Beit Midrash

  • Shabbat and Holidays
  • The 17th of Tamuz
To dedicate this lesson

The Torah study is dedicated in the memory of

Hana Bat Haim

Introspection on the Seventeenth of Tammuz

Fast days are occasion for introspection and repentance. After all, we are not fasting over the distant, unrelated past; we are fasting in response to our own present situation. How is it that instead of mourning we remain complacent and indifferent?


Rabbi Yaakov Ariel

During the course of the working week a person lacks the freedom of mind necessary to examine the course of his life on either a personal or interpersonal level and to determine whether or not his aspirations and objectives are being met. Fast days, then, are occasion for introspection and repentance. After all, we are not fasting over the distant, unrelated past; we are fasting in response to our own present situation.

Yet, perhaps it would be better during times of joy, in the midst of our elation, to pause for a moment, to stop our dancing for a short time, to reflect, and to ask ourselves what we are so happy about.

Jewish celebration is mixed with sorrow. It is not a mere release; it is rational and profound celebration. Depravity and frivolity do not reflect true joy and heartfelt thanks. In the same manner that we need air to breathe, we also need to set aside a number of days a year for serious reflection and gravity, days of introspection and preparation for what lies ahead.

Let us briefly consider the Seventeenth of Tammuz. Have the walls of Jerusalem which were breached on this day been rebuilt? True, as Zechariah the Prophet says, "Jerusalem shall be inhabited like unwalled towns," and this befits her even more than walls, for walls represent fear of enemy and war, yet we are in need of Jerusalem’s walls because of their sanctity: to eat the Passover lamb and burnt offerings within them. For this reason we need a Holy Temple, the priesthood, "Urim VeTumim," a Sanhedrin, royalty, and prophecy; without these ingredients we lack the ability to sanctify the walls of Jerusalem.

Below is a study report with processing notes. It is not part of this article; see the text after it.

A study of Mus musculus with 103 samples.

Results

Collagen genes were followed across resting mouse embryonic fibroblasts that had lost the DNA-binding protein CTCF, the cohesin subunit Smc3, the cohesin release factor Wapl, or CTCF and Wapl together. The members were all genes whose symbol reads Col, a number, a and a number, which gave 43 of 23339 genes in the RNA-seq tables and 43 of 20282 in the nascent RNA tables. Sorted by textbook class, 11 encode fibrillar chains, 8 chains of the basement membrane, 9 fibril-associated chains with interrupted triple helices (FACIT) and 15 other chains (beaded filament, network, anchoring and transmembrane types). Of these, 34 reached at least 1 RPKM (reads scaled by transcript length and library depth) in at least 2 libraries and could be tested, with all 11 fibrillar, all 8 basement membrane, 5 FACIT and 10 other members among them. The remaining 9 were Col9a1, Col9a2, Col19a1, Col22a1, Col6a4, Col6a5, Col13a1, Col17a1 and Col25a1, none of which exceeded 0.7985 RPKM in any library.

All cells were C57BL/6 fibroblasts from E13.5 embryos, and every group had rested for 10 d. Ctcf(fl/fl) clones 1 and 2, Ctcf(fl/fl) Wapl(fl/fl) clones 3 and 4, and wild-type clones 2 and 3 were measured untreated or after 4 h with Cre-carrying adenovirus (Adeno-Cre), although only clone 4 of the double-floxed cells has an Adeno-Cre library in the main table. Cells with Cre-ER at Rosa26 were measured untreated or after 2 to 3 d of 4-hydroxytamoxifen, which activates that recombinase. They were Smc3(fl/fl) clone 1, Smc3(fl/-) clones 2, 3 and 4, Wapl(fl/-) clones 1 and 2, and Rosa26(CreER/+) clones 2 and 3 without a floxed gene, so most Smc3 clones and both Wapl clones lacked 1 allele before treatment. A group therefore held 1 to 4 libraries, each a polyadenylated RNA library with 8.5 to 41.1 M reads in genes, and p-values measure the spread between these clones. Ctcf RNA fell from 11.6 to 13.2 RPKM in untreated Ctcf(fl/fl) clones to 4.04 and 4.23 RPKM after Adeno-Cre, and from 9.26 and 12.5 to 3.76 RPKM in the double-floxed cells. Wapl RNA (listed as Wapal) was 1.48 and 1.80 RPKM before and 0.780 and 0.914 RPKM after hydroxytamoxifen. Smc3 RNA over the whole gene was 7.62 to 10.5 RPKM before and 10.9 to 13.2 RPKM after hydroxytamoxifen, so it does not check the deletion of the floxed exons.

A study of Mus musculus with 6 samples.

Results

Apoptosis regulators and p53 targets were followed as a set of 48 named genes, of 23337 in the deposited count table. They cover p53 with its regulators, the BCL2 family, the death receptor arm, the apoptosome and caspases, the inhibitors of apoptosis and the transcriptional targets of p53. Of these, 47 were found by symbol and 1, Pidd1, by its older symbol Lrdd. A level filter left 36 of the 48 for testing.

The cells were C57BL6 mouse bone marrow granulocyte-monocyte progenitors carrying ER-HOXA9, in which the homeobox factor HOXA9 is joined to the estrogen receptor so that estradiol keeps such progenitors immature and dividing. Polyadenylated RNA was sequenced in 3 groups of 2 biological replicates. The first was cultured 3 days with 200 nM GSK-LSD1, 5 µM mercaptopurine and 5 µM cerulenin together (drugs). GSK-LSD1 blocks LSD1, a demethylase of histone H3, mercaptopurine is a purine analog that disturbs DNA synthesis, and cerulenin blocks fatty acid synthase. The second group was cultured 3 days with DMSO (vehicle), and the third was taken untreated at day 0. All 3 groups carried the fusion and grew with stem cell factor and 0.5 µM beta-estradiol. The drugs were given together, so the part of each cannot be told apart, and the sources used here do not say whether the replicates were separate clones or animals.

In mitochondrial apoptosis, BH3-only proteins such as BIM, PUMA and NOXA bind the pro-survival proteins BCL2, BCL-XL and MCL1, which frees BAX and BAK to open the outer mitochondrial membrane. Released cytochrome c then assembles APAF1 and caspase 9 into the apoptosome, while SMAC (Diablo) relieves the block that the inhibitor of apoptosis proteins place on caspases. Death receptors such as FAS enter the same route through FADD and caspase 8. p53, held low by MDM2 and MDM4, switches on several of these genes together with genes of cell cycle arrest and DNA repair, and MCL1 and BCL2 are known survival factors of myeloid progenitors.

Where are all of these elements though?
Were we to eat and drink on the day whereupon the walls of Jerusalem were breached we would make a mockery of all of our exalted aspirations and objectives. These things, after all, are largely dependent upon us: our ability to penetrate hearts, affect spiritual growth, remove partitions, and demonstrate unwavering faith and great spirit. We have seen with our own eyes how the redemption consists at once of human action and Divine assistance.

On the Seventeenth of Tammuz the daily Tamid offering was discontinued. Has the Tamid been restored?! On this day the Torah was burned. Does the Torah not continue to be burned by the nations, and, to our great disgrace, by our own dear brothers in the redeemed and liberated land of Israel? On this day, the Tablets were broken. Have the Golden Calf and its worshippers vanished from our midst? On this day, an idol was erected in the Sanctuary. The same idol, in a reincarnated form and boasting a golden dome, continues to stand today upon the ruins of our Sanctuary, and negotiations are underway to expropriate the entire area and give it to the "foxes that walk thereupon." And we, for ourselves, stand impure and removed; our eyes bear witness to all of these things and our sight grows dim. Woe are we that we find ourselves in this disgraceful and humiliating state: we do not even sense the insult and the suffering of the Divine Presence, and our stomach longs for delights. How is it that our heart is not horrified? How is it that our blood does not boil when we see the nation and its leaders displaying such exilic defeatism with regard to our sacred and liberated borders? How is it that instead of mourning over this we remain complacent and indifferent?!

Biblical verses in this article were taken from The Jerusalem Bible (Koren).